Who is Involved?

Each formally elected director and all persons engaged in the management or liquidation of the company are personally, on a joint and several basis, liable to the company, the individual shareholders and the company’s creditors for any losses or damage caused intentionally or negligently by default of their duties.

Whoever delegates the fulfilment of a duty to another corporate body in accordance with the relevant provisions of Swiss corporate law is liable for any damages caused by it unless he or she proves that the necessary care in selection, instruction and supervision was applied under the circumstances.

Directors’ Duties Pre-Insolvency

In insolvency situations, the duties and responsibilities of directors are no longer to protect the interest of the company, but to safeguard the interest of the creditors of the company. Swiss law further explicitly deals with the directors ‘duties in case of loss of capital and/or over-indebtedness.

Capital Loss

If the last annual balance sheet shows that half of the share capital and the legal reserves are no longer covered by the net asset value (at going concern value) of the company, the board of directors shall without delay call a general meeting of shareholders and propose adequate measures for restructuring. Options for restructuring available shall be discussed upon a better understanding of the financial situation of the individual Swiss companies concerned.

Notification of the Judge in the Case of Over-Indebtedness

A very critical phase is reached once the corporate debtor is actually threatened with over-indebtedness. In case of substantiated concern of over-indebtedness an interim balance sheet must be prepared and submitted to the company’s auditors for examination. If the interim balance sheet shows that the claims of the creditors are neither covered if the assets are appraised at ongoing business values nor at liquidation values, then the board of directors is obliged to notify the bankruptcy or composition court. There are two exceptions to this:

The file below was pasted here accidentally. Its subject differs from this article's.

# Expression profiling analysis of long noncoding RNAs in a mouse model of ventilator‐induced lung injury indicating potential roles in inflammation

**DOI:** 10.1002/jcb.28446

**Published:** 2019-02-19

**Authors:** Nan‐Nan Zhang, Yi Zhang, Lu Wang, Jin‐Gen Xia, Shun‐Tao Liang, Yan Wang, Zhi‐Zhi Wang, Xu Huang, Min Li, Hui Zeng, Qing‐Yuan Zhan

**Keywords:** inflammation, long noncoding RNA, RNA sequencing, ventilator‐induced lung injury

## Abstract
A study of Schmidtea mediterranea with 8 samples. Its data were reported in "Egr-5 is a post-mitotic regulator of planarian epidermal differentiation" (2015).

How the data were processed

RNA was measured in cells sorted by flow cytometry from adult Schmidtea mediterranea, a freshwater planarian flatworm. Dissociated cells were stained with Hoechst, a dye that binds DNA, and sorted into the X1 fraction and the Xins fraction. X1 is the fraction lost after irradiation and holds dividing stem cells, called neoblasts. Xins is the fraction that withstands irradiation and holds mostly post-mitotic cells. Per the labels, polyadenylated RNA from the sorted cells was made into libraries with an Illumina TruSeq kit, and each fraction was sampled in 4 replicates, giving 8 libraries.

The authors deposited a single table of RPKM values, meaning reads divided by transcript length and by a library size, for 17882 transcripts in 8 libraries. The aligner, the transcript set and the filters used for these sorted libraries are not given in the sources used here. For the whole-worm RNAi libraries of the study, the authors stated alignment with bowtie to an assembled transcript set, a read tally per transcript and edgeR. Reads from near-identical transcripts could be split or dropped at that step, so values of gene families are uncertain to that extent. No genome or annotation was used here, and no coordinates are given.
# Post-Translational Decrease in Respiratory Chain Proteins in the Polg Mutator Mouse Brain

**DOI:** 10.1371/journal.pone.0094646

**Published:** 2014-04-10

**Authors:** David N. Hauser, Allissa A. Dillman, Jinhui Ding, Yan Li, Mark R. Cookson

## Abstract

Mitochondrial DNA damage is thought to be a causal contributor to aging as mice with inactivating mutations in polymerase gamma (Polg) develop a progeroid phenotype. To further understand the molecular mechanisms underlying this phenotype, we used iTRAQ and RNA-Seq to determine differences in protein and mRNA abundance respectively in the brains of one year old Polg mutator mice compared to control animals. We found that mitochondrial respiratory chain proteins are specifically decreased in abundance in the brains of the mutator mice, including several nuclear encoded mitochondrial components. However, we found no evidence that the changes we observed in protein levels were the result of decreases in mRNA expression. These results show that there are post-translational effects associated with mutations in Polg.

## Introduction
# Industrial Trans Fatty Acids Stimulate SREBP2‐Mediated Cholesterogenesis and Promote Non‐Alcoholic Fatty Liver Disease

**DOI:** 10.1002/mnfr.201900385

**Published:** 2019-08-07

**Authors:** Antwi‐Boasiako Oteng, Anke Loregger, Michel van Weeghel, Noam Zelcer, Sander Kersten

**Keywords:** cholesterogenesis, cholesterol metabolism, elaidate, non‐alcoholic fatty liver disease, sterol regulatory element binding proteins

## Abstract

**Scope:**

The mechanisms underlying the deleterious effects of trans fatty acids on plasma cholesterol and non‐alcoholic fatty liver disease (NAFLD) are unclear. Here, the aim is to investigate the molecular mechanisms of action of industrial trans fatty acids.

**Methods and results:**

• No notification is required if creditors subordinate their claims to the claims of all other creditors in the amount of the over-indebtedness;

  • The board of directors can abstain from notifying the bankruptcy or composition court for a short period of time if it has sufficient reasons to believe that the company can restructure within a short period of time. However, mere hope or a vague expectation of a restructuring does not justify the postponement of the filing for bankruptcy. In addition, the board of directors can also file for composition proceedings (instead of bankruptcy).

Personal Liability of Directors

The duties of the persons entrusted with the administration, management and liquidation are not set out in detail in corporate liability law. The Swiss Code of Obligations speaks generally of damage which such persons cause "through an intentional or negligent breach of their duties" and refers to duties set out elsewhere in statute or in articles of association. Thus, a breach of a duty of care means the neglect of duties imposed on persons subject to corporate liability rules either by statute or by articles of association.

Swiss courts have developed on a case-by-case basis certain criteria which, if fulfilled, may result in personal liability of a director. Such precedents include among others:

  • violation of dealing at arm’s length;

  • violation of equitable risk allocation (building of cluster risks);

  • dealings with persons close to the company which are disadvantageous;

  • failure to provide for proper accounts including the annual report and its audit and keeping the books for at least ten years;

  • failure to notify the court in the event of over-indebtedness without proper justification for the delay; and

  • entering into new obligations while being aware of the company’s over-indebtedness.

To a large extent, the liability of a director depends on the specific factual circumstances and will therefore require a detailed analysis in a specific situation.

Proper delegation can considerably reduce the liability risk of members of the board of directors. A person who properly entrusts another body with the fulfilment of a task is liable for any damage caused by the latter unless he or she can show that in the choice, instruction and supervision of such body the diligence was exercised which circumstances required.